The Visual Studio 2013 Preview and TFS 2013 Preview released today. 300x250_VSvNext_Border_EN_USThis is kind of a big deal, as Microsoft has started to move toward quarterly updates and yearly releases. And there are a ton of new features in both!  For more information on the specific features, see blogs by Brian Harry or Soma.

In this blog post, I wanted to walk you through the installation of the Visual Studio 2013 Preview.  First, you need to download it, which you can do by clicking on the banner in this blog post.

I’m installing this on my Surface Pro, which also happens to be running the Windows 8.1 Preview as well. When you start the installation, you have this initial window.


Notice how it is set to automatically collect usage information, which makes sense, because this is a preview.  Click Next.


By default, the Windows Phone 8.0 SDK tools are NOT selected, and the installation size is 9.88 GB.  I decided to go ahead and install the phone sdk, which jumped the install to 13.65 GB.  Click the Install button.


The install itself took about 15 minutes.  As part of the install, it turned on Hyper-V in Windows 8, and added me to the Hyper-V admin group. I also had to restart the computer at least once.

With the installation complete, it started Visual Studio 2013.


Whoa, this is new.  It is prompting me to sign into Visual Studio.  Clicking the Learn More link takes you to a site on Channel 9: Signing into Visual Studio personalizes your experience, syncs your settings between machines, and connects you to online developer services. This allows Visual Studio settings like themes and key bindings to sync across devices.  When you sign in to another copy of Visual Studio, these settings will sync automatically. This is actually kinda cool, so I decided to sign in.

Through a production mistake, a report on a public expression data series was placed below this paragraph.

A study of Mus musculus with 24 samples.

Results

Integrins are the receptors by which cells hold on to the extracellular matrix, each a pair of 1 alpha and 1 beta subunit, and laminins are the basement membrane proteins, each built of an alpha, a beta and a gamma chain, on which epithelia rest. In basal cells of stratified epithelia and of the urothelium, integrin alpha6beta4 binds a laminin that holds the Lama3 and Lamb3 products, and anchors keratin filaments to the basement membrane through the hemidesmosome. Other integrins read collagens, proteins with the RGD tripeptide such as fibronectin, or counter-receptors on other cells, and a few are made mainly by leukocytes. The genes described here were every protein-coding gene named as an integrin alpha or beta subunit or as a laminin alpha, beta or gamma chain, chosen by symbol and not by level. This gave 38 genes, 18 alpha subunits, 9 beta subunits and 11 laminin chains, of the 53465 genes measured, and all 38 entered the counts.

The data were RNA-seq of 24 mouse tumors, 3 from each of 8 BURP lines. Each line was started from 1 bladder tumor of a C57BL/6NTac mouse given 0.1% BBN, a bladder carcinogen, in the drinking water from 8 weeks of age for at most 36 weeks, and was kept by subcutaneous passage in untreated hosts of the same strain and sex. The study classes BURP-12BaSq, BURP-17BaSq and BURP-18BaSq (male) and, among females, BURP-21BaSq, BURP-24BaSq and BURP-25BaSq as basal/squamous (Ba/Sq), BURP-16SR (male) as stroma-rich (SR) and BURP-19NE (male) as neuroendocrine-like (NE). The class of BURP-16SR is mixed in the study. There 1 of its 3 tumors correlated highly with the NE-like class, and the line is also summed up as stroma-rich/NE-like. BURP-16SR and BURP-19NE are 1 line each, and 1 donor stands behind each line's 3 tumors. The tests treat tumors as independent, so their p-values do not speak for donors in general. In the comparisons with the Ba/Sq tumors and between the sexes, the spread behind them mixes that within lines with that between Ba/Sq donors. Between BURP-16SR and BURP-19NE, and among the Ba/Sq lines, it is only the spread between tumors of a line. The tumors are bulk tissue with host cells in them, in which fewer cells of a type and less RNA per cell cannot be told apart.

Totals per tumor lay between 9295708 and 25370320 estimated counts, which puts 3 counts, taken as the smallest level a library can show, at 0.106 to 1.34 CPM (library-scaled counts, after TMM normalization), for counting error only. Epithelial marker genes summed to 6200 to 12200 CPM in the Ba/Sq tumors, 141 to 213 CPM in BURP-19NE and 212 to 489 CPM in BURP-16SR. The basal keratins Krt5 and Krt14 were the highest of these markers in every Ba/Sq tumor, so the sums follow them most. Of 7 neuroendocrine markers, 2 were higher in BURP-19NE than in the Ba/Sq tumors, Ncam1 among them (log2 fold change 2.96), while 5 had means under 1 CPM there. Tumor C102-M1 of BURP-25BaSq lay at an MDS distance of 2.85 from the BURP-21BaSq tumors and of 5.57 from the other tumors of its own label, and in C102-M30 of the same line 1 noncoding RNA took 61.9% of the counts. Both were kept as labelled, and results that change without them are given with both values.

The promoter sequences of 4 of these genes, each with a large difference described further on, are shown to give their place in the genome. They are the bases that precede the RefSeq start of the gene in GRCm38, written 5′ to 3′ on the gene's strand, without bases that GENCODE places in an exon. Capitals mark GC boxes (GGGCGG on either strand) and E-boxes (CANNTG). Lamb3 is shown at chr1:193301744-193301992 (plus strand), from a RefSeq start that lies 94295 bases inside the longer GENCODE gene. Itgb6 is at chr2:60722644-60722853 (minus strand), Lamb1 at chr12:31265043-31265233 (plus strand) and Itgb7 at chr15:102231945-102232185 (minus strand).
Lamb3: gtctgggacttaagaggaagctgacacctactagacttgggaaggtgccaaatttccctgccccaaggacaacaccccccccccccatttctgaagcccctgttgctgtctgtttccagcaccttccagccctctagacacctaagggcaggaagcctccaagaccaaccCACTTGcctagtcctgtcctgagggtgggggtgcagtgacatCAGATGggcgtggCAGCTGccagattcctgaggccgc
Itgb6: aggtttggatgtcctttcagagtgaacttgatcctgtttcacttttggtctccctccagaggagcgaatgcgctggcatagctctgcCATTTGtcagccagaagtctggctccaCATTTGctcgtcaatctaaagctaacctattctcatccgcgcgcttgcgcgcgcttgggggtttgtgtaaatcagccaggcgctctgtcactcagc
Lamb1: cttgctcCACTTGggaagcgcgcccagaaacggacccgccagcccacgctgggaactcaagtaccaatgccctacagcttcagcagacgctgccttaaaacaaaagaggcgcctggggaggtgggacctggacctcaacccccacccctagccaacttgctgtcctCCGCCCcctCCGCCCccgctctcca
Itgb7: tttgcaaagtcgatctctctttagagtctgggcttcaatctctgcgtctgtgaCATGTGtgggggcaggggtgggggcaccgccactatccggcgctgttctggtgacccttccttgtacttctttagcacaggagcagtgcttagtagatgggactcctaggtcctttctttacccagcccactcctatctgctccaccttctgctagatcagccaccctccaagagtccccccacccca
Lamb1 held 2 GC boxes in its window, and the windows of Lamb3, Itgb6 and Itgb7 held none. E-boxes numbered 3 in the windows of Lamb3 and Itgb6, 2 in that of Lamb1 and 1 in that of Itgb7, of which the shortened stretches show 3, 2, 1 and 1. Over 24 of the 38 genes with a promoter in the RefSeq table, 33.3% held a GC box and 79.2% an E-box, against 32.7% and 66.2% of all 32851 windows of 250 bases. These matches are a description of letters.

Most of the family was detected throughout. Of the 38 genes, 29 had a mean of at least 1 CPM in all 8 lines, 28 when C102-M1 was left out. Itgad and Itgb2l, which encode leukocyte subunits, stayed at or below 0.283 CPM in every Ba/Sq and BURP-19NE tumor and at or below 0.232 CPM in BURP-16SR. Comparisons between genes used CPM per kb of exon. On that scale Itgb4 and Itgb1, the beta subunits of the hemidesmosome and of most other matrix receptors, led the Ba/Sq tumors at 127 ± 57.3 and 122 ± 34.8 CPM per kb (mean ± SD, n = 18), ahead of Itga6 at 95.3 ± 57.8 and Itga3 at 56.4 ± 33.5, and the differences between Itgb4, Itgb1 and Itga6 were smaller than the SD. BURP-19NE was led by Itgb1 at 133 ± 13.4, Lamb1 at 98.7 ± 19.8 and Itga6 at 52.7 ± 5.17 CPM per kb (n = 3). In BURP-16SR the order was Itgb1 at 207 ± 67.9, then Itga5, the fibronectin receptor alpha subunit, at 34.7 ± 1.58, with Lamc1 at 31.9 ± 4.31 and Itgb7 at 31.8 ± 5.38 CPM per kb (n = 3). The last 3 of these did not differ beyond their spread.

You have to have a Microsoft account, obviously.


It then prompted me to confirm some information.


And now what I think is the coolest thing! In addition to letting me set by development environment settings, which was something we could always do, we can now set the color theme as well!  It defaults to the Blue theme, but you also have the option of Dark and Light themes as well. I’ve always been a fan of a dark theme, and I always have to search for one whenever I install Visual Studio, so having that option out of the box is a nice little touch.  Finally, I can click the Start Visual Studio button to open the IDE.


But of course we aren’t there yet!  It does need to do some “initial preparing”.  But once it is done….


Here is the Visual Studio 2013 IDE, in all its Dark glory!

2 Responses so far.

  1. Raster P. Watermelon says:

    Why do you for the dark theme, is this a reflection of your dark soul?